Making the choice to enroll in or decline SBP coverage is a significant financial decision, which is why the services offer counseling when a military member is making retirement decisions.

If you have SBP coverage for your loved ones, you may wonder how the coverage might change when your life changes. In fact, there are only a few circumstances in which it is possible to change or alter the election you made.

Here are a few of the most common life-changing events that permit you to change your SBP coverage after retirement.

First marriage or first child after retirement

If you chose not to enroll in SBP because you had no eligible beneficiaries at retirement, and you later marry or have a child, you can enroll in SBP within one year of the date of first marriage or the birth date of the child. To enroll, send us a Survivor Benefit Plan Election Change Certificate (DD 2656-6) and a copy of the relevant legal document (e.g., marriage certificate or birth certificate). Please note: If you had eligible beneficiaries at the time of your retirement and elected not to cover them, you cannot change that election.

Divorce

A divorce's impact on SBP election depends not only on your wishes, but also on the requirements imposed by the court-ordered divorce decree.

If you choose to end SBP spouse coverage because of a divorce, please notify us using the Survivor Benefit Plan Election Change Certificate (DD 2656-6) and a copy of the relevant legal document.

If your divorce decree requires you to cover your former spouse, either you or your former spouse must declare your intentions to claim Former Spouse SBP coverage in writing within one year of the date of divorce. To do this, send an SBP Election Statement for Former Spouse Coverage (DD 2656-1) and copy of the relevant legal document.

Death of a Spouse

The death of a spouse covered under the plan results in immediate termination of coverage for that spouse. If the spouse alone was covered, cost will terminate and any premiums paid beyond the date of death will be refunded. If the spouse was covered with children, the election and its costs will change so that only the eligible children are covered. To notify us of the death of a spouse, send a Survivor Benefit Plan Election Change Certificate (DD 2656-6) and a copy of the death certificate.

Remarriage after retirement

If you were married and elected spouse coverage at retirement, you should notify us of your remarriage as soon as possible so we can update your SBP election. If you do not contact us, your new spouse automatically becomes a covered beneficiary under SBP, effective one year after that marriage date. Any unpaid premiums will be deducted from the annuity entitlement after your death.

 If you choose not to cover your new spouse, you must notify us in writing within one year of the remarriage.

To notify us of your remarriage, send a Survivor Benefit Plan Election Change Certificate (DD 2656-6) and a copy of your marriage certificate.

If you were married at retirement and elected not to cover that spouse, you cannot ever cover another spouse during retirement.

Birth or adoption of another child after retirement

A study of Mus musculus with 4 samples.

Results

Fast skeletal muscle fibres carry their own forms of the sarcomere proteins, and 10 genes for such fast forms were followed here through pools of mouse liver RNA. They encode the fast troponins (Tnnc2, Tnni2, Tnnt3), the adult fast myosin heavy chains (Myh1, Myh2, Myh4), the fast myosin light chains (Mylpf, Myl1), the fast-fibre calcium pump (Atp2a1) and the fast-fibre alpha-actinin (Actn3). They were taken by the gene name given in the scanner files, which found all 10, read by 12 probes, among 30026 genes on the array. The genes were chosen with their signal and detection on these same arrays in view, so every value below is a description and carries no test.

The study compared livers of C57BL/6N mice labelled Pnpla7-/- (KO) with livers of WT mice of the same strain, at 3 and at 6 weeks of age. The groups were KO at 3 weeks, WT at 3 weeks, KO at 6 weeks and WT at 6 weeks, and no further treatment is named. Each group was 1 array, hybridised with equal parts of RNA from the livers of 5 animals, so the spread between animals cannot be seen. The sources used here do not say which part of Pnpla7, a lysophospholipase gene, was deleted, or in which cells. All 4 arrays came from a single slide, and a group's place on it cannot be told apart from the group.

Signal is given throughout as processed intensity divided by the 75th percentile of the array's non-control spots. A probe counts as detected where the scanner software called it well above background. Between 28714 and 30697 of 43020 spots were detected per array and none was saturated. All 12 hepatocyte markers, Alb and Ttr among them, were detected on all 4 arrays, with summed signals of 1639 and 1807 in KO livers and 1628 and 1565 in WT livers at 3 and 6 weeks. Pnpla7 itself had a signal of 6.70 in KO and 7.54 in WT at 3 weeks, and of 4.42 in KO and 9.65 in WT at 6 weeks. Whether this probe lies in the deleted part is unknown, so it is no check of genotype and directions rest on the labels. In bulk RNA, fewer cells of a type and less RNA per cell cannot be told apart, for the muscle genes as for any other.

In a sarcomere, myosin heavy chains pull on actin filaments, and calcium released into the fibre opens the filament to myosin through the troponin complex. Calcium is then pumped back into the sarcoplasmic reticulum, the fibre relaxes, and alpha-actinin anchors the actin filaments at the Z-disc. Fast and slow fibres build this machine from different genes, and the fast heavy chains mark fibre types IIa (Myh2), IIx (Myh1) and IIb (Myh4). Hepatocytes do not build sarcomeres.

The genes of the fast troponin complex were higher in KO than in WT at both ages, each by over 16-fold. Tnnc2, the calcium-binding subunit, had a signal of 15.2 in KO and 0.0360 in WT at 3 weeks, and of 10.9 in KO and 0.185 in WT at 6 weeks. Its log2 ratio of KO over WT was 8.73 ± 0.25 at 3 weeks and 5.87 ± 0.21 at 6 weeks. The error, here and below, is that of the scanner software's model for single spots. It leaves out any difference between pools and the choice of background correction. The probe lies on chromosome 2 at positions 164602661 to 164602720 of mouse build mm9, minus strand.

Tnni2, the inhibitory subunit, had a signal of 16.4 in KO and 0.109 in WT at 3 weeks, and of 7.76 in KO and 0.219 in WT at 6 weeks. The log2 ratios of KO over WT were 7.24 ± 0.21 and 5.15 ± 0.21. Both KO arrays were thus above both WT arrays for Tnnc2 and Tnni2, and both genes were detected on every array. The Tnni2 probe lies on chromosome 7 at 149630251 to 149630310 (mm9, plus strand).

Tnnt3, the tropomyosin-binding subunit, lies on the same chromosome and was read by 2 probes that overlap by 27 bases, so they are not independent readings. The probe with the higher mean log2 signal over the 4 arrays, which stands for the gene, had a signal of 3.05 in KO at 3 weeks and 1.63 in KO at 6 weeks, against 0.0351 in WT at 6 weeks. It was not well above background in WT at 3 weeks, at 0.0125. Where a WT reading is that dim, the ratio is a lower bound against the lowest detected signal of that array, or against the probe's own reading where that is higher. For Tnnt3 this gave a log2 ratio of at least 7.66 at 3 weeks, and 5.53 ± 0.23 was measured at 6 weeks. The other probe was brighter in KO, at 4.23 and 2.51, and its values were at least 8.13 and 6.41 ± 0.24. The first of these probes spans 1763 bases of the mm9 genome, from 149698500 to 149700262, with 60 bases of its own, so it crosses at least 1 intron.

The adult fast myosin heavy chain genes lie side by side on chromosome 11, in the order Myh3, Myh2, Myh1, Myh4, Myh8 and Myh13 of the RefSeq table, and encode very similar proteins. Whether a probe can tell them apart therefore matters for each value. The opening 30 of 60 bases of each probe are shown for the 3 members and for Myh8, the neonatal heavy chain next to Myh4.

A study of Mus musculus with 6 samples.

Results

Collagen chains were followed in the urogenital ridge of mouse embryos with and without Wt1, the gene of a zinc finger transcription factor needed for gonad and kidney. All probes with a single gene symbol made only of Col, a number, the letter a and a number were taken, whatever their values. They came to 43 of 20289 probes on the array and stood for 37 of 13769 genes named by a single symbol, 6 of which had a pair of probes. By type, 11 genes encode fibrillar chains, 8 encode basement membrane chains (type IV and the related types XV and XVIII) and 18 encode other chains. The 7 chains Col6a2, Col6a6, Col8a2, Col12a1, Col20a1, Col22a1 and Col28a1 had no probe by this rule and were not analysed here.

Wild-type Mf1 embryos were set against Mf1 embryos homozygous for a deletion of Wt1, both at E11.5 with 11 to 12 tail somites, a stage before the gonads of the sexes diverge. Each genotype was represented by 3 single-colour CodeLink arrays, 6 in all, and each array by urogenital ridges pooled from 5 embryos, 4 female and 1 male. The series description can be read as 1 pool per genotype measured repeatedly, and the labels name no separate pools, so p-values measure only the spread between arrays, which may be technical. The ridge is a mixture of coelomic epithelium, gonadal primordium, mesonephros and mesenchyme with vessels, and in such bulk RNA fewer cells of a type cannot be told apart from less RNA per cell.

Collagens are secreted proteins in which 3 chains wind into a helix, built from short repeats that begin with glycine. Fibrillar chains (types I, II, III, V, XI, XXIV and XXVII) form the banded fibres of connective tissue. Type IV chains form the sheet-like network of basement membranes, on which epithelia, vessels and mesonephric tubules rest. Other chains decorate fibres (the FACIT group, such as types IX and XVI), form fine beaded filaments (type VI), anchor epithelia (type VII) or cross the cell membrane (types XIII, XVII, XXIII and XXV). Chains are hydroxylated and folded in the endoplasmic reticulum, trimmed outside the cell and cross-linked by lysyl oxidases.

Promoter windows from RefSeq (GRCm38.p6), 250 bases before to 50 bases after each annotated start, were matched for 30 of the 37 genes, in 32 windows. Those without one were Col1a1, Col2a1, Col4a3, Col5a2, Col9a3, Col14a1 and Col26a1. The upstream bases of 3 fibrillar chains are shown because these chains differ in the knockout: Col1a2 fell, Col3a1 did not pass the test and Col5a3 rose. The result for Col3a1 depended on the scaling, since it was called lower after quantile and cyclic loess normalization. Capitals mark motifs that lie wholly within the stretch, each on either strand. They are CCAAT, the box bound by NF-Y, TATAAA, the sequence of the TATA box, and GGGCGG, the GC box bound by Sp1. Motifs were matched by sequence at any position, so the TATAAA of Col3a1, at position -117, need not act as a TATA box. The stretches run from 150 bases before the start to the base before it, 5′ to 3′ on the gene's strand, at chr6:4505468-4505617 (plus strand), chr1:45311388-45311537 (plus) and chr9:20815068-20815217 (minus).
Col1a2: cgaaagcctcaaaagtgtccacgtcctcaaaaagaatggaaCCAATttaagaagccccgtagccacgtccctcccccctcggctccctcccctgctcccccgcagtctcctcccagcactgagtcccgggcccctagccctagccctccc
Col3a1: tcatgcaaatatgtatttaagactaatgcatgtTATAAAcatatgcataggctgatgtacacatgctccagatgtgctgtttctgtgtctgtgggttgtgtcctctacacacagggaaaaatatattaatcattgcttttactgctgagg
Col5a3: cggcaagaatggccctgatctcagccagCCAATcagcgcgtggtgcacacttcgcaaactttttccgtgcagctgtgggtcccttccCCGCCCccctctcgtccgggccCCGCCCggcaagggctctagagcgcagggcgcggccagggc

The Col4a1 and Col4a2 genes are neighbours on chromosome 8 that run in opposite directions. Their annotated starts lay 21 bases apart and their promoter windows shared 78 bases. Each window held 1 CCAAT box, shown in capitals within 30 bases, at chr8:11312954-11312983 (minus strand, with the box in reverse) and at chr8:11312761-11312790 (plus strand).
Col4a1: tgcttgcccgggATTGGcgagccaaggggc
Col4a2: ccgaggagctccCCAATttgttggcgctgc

Upon the birth or adoption of a new child, please inform us by supplying us with a copy of the birth or adoption certificate. If you had children at retirement and elected to cover them under the plan, we will add this youngest child, but your monthly premium will remain based on the youngest child you had at the time of retirement. 

If you had children at retirement and elected not to cover them, any new or existing children will not be covered under the plan during your retirement.

Ending SBP after retirement

Discontinuing SBP in the third year of retirement

You can discontinue your SBP coverage during the third year (from the 25th month through the 36th month) of your retirement. As with declining SBP coverage at retirement, spousal concurrence is required. This election must be made on a DD Form 2656-2 (SBP Termination Request) and cannot be signed, dated, or received by DFAS prior to the 25th month of retirement.

 

Eligible retirees can withdraw from SBP due to VA disability

A retiree may withdraw from participation if:

1. The retiree has a service-connected disability rated by the VA as totally disabling for 10 or more continuous years; or

2. The retiree has had a total disability rating from the VA for at least 5 continuous years from the last date of active duty.

Withdrawal is permitted because the surviving spouse will likely qualify for Dependency and Indemnity Compensation benefits from the VA and the retiree’s death will be presumed to be from service-connected reasons. A request for withdrawal requires the written consent of the beneficiary and verification from the VA of the retiree’s disability rating.

If you believe you are eligible and want to withdraw from SBP due to VA disability, please send a signed and dated request that includes your full name and social security number via mail or fax to DFAS Retired & Annuitant Pay.

Consider the decision to discontinue or withdraw from SBP carefully

Before you discontinue or withdraw from SBP, you should consider your decision carefully. If you discontinue SBP in your third year, you cannot re-enroll. If you withdraw from SBP due to disability, you can only re-enroll if your disability rating is lowered to less than 100%, and then only within one year of the rating change.

For each of the situations above, there are specific timeframes and procedures to make the change, as well as additional information and special circumstances that may apply. To find out more, please click here.

          To download the forms referred to above, please click here.